George McCaskey walked Ryan Pace around Halas Hall, past the Lombardi Trophy and old footballs and memorabilia. During his general manager job interview in January 2015, Pace complimented the Bears chairman on the treasure trove of photos that captured the greatest moments in Bears history.
Then came the zinger.
“Most of the photographs are in black and white,” Pace told McCaskey.
McCaskey had the same thoughts for years, walking the hallways of the Bears offices. Old faces — players and family members and his grandfather, George Halas — stared back at him from a past era.
It was the truth, and McCaskey knew it. That’s why the Bears were looking for a new GM in the first place.
“I didn’t say this to him,” McCaskey said, “But I was thinking to myself, ‘When can you start?’”
In deciding to fire both Phil Emery and Marc Trestman at the same time, McCaskey staked his reputation on the performance of their replacements: Pace and the GM’s hand-picked head coach, John Fox. McCaskey, though, argues that’s not new.
“I feel a responsibility every day to my family, to the people in the building and to Bears fans,” McCaskey told the Sun-Times in a sit-down interview. “They deserve a winner.”
One season into the Pace and Fox era — the Bears open Sunday in Houston — McCaskey is confident in the direction of the team despite last year’s last-place finish.
“It’s more a vibe in the building than what you saw on the field last year,” he said. “Now we need the vibe in the building to translate into results on the field.”
Particularly, Soldier Field.
The Bears went 1-7 at home last year, the worst mark in franchise history, and lost all three divisional games at Soldier Field for the first time since the NFC North was created in 2002.
“You want to play well at home,” said McCaskey, whose team was outscored 45-7 in two preseason home losses last month. “That’s part of the formula. As Marv Levy, the Hall of Fame coach, used to say, ‘It’s simple but it’s not easy.’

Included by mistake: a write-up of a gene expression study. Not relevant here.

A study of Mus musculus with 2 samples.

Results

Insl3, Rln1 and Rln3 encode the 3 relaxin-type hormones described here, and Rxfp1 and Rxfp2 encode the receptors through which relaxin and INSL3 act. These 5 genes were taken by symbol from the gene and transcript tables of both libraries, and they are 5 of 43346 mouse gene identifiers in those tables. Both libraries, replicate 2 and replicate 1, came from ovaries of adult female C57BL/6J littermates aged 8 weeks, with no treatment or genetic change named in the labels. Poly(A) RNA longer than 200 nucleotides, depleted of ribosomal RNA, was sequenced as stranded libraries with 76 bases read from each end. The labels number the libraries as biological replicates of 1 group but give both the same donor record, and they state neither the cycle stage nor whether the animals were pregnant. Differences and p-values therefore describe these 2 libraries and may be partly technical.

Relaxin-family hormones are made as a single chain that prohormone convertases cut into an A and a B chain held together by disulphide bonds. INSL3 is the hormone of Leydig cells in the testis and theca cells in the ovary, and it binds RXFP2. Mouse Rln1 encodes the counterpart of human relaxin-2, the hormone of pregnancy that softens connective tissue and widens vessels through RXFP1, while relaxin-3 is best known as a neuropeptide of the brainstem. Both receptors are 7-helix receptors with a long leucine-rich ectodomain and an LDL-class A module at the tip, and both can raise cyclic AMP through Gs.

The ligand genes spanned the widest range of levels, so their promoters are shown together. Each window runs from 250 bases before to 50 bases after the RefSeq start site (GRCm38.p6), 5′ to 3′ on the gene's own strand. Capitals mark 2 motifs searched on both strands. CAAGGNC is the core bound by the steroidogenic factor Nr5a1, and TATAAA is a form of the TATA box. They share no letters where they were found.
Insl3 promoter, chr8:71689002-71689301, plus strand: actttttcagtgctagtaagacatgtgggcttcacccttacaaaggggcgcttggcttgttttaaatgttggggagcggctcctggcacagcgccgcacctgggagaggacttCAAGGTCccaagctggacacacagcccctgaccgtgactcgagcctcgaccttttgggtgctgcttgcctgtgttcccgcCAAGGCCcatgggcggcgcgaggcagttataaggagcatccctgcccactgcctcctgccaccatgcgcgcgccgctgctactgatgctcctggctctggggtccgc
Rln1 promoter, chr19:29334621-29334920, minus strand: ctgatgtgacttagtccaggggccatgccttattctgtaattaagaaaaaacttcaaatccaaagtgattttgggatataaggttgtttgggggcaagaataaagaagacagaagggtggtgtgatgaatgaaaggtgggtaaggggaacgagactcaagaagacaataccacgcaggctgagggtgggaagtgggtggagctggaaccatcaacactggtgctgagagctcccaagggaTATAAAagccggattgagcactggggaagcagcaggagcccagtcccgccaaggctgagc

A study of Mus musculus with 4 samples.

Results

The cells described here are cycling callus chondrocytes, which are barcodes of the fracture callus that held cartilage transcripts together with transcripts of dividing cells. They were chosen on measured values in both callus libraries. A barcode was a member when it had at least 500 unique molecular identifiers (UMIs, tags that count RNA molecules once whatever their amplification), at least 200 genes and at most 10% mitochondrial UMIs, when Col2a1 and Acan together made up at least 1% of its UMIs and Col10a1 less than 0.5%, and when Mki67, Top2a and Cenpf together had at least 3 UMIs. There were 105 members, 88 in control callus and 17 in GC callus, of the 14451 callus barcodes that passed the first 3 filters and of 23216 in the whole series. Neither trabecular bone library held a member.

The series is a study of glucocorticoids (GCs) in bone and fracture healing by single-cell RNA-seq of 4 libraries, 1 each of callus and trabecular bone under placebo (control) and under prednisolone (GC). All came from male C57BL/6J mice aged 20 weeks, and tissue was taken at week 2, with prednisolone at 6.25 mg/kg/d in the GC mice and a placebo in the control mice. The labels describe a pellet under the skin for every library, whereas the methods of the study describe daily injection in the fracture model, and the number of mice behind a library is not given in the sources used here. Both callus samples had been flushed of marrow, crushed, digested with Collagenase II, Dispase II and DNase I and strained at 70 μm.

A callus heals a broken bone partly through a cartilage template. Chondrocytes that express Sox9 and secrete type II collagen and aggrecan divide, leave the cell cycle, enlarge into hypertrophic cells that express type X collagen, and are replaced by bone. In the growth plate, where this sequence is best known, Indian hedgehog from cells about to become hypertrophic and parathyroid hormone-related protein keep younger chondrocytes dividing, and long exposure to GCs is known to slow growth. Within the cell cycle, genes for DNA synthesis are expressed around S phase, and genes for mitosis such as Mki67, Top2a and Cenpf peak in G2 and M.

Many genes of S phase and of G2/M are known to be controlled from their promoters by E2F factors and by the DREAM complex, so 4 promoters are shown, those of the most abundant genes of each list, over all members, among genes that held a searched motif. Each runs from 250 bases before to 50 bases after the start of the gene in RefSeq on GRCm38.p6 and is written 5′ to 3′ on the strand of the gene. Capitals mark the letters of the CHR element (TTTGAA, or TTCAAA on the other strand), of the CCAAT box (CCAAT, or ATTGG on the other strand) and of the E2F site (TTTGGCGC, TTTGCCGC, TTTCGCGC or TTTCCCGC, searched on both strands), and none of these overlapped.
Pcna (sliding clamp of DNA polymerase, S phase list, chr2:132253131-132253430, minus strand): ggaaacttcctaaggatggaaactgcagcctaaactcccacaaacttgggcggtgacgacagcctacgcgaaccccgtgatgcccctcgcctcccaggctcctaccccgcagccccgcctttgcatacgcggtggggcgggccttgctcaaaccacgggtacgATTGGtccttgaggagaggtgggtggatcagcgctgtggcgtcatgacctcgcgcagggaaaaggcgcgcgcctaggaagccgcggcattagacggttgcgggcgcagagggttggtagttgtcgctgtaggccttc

“For me, the simple formula is to dominate at home, dominate your division and if you can play .500 ball on the road, you should be in the playoffs.
“We didn’t play well at home and we didn’t play well in our division.”
McCaskey said that “one of the great things about the NFL is you can go from a six-win team one team to a playoff team the next,” but, when asked for his realistic expectation for the Bears, hedged.
“You never know,” he said. “Injuries are such a big question mark. How are individual guys going to perform? How is the team going to come together? At what point are they going to come together? How are they going to handle adversity? Because there’s adversity every season.”
He’s excited for Kevin White to be paired alongside Alshon Jeffery, and to see how newcomers Danny Trevathan, Jerrell Freeman and Akiem Hicks bolster a defense three years removed from its franchise nadir.
“We’re going to be better up front,” he said. “I think we’ll do a better job of getting after the quarterback, and that says a lot about whatever success you’re going to have in a particular season.”
Still, success is a matter of a perspective. The last time the Bears finished above .500, in 2012, Lovie Smith got fired.
Fox and Pace improved the Bears from 5-11 mess that prompted the Bears’ housecleaning in 2014, but only by one game. They began a roster makeover, however, that figures to take at least another season to round into form.
On Opening Day 2014, the Bears were the third-oldest team in the NFL. Last year, they were the 19th-youngest. This season, they’re the 10th-youngest.
While McCaskey doesn’t like to portray those moves as a tear-down — “We don’t like rebuilding; we like building,” he said — only 14 players on the Bears’ 53-man roster were acquired by the previous regime.
Since Pace arrived, he’s parted with Pro Bowlers Lance Briggs, Charles Tillman, Jared Allen, Matt Forte, Martellus Bennett and, on Sunday, Robbie Gould.
“Robbie was a great Bear, a fan favorite, and rightly so,” McCaskey said. “He made so many clutch kicks, it’s hard to pick a favorite.”
He cited Gould’s 49-yarder to defeat the Seahawks in overtime, the first playoff victory of the team’s Super Bowl XLI run.
“My memories of Robbie will also be of him off the field,” he said. “He always found the young fan that wanted to be recognized or needed someone to talk to and he always made them feel special.”
Such turnover is “not pleasant when it’s happening,” McCaskey said, “but you understand it’s part of the process.” He is not involved in the Bears’ personnel decisions.
“That goes back to the autonomy you give your general manager or head coach,” he said. “My job in large measure is to stay out of the way. To be supportive when I can when necessary, to be a sounding board if that’s what they want me to be.
“But in terms of personnel decisions, I’m not involved — and Bears fans should feel very good about that.”
He’s been impressed with the man he hired to do just that. While Fox has lived up to his reputation as a player’s coach, Pace, he said, holds the same magnetism.
“Ryan, in many of the same ways, has whatever it is that people really respond to,” McCaskey said.
He first noticed that a year ago January, walking past black-and-white photos.
“We’re very proud of our history,” McCaskey said, “but we need to make it.”